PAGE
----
HK$4,500-a-month help for elderly
Ada Lee and Colleen Lee
The elderly are in line for a monthly subsidy of as much as HK$4,500 to pay for services such as the delivery of meals and physiotherapy.
The pilot scheme would help the elderly take advantage of assistance provided by day care centres and elderly homes, Labour and Welfare Secretary Matthew Cheung Kin-chung said yesterday.
Cheung was elaborating on the benefits of the latest budget as he and Financial Secretary John Tsang Chun-wah fended off criticism that the multibillion-dollar measures would hardly help those in dire need. The subsidy will be handed directly to the elderly in the form of vouchers instead of to the centres they visit, which is the current practice.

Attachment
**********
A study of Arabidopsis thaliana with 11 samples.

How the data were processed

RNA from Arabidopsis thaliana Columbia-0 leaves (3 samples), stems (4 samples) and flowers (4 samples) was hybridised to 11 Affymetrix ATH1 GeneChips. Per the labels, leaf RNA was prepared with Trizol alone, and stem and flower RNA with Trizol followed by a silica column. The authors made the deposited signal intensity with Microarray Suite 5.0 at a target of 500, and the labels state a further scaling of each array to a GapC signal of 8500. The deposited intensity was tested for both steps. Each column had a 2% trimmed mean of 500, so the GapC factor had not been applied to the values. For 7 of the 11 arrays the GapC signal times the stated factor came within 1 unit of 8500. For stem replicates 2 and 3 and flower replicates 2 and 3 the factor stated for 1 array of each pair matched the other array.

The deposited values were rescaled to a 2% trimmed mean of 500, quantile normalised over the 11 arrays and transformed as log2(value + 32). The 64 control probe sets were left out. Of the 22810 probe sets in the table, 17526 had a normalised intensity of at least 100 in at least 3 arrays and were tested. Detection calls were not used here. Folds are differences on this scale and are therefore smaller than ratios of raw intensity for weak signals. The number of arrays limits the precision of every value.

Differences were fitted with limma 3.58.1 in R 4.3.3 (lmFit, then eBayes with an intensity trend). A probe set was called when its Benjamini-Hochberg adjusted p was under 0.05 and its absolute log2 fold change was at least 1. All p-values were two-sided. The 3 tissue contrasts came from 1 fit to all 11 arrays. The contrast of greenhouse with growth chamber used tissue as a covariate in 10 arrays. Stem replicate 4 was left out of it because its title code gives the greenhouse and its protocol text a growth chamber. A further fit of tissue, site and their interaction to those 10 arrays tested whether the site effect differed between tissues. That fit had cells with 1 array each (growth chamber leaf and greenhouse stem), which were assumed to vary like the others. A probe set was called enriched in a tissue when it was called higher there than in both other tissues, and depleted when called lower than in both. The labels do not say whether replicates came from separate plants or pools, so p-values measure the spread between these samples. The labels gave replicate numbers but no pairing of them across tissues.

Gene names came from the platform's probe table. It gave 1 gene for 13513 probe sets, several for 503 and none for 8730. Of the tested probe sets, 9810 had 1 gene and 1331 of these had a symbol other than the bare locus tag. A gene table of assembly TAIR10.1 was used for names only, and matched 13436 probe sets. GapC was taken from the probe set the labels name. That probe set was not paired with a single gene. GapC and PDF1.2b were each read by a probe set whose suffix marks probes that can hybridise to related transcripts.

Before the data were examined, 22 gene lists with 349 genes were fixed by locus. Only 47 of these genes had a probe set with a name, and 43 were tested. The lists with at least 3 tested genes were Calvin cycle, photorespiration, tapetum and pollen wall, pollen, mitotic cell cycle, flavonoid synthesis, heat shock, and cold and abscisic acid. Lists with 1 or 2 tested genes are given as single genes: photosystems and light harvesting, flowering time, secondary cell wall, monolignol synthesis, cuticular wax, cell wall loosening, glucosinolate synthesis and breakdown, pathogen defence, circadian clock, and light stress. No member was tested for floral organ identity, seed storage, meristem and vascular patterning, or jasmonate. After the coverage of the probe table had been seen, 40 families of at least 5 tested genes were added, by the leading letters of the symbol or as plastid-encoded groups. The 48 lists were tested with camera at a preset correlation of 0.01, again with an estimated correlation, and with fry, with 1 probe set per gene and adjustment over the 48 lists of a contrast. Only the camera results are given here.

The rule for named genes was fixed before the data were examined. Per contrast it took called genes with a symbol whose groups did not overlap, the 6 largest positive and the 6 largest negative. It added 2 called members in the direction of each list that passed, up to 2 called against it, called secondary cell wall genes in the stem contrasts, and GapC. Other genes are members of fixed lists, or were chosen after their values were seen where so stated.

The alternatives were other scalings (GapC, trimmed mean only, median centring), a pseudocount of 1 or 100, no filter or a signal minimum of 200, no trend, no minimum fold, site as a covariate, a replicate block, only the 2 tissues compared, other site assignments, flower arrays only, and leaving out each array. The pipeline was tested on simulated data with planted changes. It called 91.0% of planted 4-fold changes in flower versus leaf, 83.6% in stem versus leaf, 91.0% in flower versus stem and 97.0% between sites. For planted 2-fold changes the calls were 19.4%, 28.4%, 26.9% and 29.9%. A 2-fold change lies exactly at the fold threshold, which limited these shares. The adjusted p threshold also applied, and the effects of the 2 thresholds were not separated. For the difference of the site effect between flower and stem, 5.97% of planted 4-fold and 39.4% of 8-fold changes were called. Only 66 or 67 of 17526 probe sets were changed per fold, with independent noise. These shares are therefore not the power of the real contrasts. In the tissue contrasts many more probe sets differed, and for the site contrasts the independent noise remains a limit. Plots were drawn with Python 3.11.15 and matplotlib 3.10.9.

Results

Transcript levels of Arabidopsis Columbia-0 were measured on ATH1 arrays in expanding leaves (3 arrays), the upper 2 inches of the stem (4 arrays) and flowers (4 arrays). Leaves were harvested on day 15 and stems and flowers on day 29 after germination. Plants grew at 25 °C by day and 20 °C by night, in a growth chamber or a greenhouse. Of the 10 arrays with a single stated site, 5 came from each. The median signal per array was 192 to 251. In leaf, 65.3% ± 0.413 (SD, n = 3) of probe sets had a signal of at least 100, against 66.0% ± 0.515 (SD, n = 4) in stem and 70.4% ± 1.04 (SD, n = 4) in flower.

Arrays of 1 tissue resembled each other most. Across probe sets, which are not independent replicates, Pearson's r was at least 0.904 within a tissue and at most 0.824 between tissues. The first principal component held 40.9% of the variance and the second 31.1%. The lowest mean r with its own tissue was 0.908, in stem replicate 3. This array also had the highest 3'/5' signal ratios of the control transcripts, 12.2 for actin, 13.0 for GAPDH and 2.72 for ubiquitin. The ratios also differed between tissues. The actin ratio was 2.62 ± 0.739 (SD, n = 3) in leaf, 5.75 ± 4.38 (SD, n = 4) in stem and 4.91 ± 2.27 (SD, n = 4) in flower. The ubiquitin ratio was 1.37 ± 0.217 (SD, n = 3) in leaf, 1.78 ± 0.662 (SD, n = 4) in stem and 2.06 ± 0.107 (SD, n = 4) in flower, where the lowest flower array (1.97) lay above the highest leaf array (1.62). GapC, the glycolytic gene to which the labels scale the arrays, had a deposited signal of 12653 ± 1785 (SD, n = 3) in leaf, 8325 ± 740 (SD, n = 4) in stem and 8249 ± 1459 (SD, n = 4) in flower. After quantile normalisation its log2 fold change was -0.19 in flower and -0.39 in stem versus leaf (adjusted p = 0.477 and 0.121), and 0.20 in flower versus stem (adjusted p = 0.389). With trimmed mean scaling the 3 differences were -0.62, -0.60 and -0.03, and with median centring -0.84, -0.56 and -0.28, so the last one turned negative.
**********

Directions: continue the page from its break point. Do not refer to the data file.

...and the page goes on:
The four-year trial scheme would allow elderly people to decide what services they wanted, instead of being limited by what their centres provided, Cheung said.
'It will be more flexible and direct,' he said.
'It can also lead to more competition among service providers, improving their quality.'
The co-payment scheme seeks to help elderly people with moderate impairment use the services.
They are required to pass a means test, after which they can buy vouchers worth HK$5,000 by paying between HK$500 and HK$2,500. Cheung said it cost an average of HK$5,000 a month to look after someone at an elderly home or day care centre.
Lawmaker Peter Cheung Kwok-che, of the welfare sector, said it would be more reasonable if the government calculated the voucher value based on the services an individual needed, and provided vouchers of varying values.
'If a not-so-healthy elderly man needs physiotherapy sessions three times a week, HK$5,000 is definitely not enough.' He also said some people might not be able to afford the minimum HK$500 to buy a voucher.